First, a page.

Who doesn’t want to save money these days?
Long before the federal government ‘fessed up and declared that we’ve been in a recession since late 2007, folks have been looking for ways to save money on groceries as food prices have crept (soared, some say) upward. Here are some basic tips to keep a lid on your food bill.
Plan your meals for the week.
It sounds obvious, I know, but if you overlook this basic step, the shopping cart becomes a money pit of stuff you think you’ll eat but that may end up languishing in the fridge or pantry (or, worse, getting thrown away). Take 15 minutes to plan what you want to eat for the week. Also consider how you can use the leftovers. For example, if you roast or grill a pork tenderloin, you can have it one night and use any extra in a sandwich another night. The experts at the Culinary Institute of America call this “planned overs”; it’s a strategy professional chefs use all the time, and it can help you mange your grocery bill.
Start shopping in your own kitchen.
That’s right, take a moment to look through the fridge and pantry so you don’t inadvertently purchase items you already have on hand. I’m always surprised to discover I already have one or two things that I was sure I’d need to buy.
Make a list…and stick to it. Grocery retailers place all kinds of impulse-buy temptations in the way of shoppers (I’m a sucker for end-of-aisle promotions). Those items can add up at the checkout counter. Be strong, stick to your list, and your wallet will thank you for it.
Check out coupons and store flyers for bargains on items you use.
Let me repeat: on items you use. Savings on stuff you don’t use is money wasted. That said, it’s a good idea to stock up when items you use are well-priced. Check out sites like Coupons.com, as well as manufacturers’ Web sites for special promotions.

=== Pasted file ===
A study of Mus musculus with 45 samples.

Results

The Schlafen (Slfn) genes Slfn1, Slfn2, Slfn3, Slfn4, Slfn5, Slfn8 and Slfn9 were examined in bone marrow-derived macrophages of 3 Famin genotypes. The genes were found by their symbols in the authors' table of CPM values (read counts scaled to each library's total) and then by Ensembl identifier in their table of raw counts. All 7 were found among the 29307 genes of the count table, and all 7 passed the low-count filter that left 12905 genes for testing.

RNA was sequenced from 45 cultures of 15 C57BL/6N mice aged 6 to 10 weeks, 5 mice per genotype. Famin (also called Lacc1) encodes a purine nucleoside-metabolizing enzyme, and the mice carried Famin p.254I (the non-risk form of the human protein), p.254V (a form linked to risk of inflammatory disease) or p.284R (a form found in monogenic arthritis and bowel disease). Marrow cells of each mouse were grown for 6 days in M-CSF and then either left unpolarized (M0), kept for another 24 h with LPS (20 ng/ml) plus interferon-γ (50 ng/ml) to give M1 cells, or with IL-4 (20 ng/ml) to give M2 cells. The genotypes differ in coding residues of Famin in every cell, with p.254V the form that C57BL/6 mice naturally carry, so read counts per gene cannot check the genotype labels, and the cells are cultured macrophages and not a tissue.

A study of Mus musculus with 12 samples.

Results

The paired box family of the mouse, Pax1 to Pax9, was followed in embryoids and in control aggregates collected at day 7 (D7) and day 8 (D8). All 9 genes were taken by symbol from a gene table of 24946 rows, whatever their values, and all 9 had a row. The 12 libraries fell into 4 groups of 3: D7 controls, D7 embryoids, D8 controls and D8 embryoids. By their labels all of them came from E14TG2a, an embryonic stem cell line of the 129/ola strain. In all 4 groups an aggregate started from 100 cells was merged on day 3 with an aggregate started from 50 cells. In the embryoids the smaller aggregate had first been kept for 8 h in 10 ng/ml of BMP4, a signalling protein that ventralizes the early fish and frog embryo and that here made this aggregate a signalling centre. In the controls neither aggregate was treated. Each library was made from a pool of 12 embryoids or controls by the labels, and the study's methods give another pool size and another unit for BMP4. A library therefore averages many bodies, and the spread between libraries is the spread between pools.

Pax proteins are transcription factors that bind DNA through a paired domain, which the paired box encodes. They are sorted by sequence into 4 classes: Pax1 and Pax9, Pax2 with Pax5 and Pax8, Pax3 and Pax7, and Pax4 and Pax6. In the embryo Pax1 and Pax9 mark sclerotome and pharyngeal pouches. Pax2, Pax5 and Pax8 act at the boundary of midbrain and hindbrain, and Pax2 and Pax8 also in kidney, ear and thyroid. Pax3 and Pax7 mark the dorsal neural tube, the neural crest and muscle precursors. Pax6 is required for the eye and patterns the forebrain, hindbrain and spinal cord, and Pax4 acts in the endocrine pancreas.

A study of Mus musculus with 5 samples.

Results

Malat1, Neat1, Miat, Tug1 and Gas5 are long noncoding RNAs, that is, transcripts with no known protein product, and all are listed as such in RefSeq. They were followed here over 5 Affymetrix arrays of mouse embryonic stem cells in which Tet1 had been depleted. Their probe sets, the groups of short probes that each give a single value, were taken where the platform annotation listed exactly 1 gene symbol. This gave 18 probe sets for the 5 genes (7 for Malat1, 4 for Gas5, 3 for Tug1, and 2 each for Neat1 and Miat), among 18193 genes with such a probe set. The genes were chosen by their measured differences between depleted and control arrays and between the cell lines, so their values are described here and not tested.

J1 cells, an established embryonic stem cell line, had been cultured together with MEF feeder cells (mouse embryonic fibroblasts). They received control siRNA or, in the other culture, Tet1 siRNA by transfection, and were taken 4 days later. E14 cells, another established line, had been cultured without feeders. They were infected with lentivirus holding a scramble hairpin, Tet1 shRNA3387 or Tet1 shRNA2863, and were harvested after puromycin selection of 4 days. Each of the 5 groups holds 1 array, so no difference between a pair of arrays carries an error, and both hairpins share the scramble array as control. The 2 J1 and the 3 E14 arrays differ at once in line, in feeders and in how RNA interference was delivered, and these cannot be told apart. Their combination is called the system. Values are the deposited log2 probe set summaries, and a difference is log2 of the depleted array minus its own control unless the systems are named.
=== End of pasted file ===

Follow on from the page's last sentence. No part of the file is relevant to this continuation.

Forget brand loyalty.
When it comes to brands, be willing to pick up a house brand ofdiced tomatoes, for example, if that’s a better buy. Also check out stores you may have ignored in the past. I recently shopped at the German-owned discount grocery retailer Aldi and was pleasantly surprised by the quality, as well as the prices. And now that I’ve returned to Southern California, you can be sure I’ll be checking out the 99-Cent Store.
Opt for seasonal fresh fruits and vegetables.
In winter, citrus fruits are a better buy, for example, than fresh blueberries. If you crave out-of-season fare, buy frozen or canned versions.
Remember, less processed=cheaper.
Whole onions cost less than pre-chopped ones, for instance, and whole heads of lettuce are cheaper than bagged and washed salad greens. If you’re willing to do some of the work cleaning and chopping, you will save money.
Use all of what you buy.
If you roast a whole chicken, save the carcass to make homemade chicken stock, which you then can use to make soup, sauces, etc. Use leftover veggies in a soup, or use them to make stock. Challenging yourself to make use of what you already have can yield some nice surprises.
…and for more ideas
Check out my story (and recipes) for eating dinner for a buck (yep, a buck) per serving.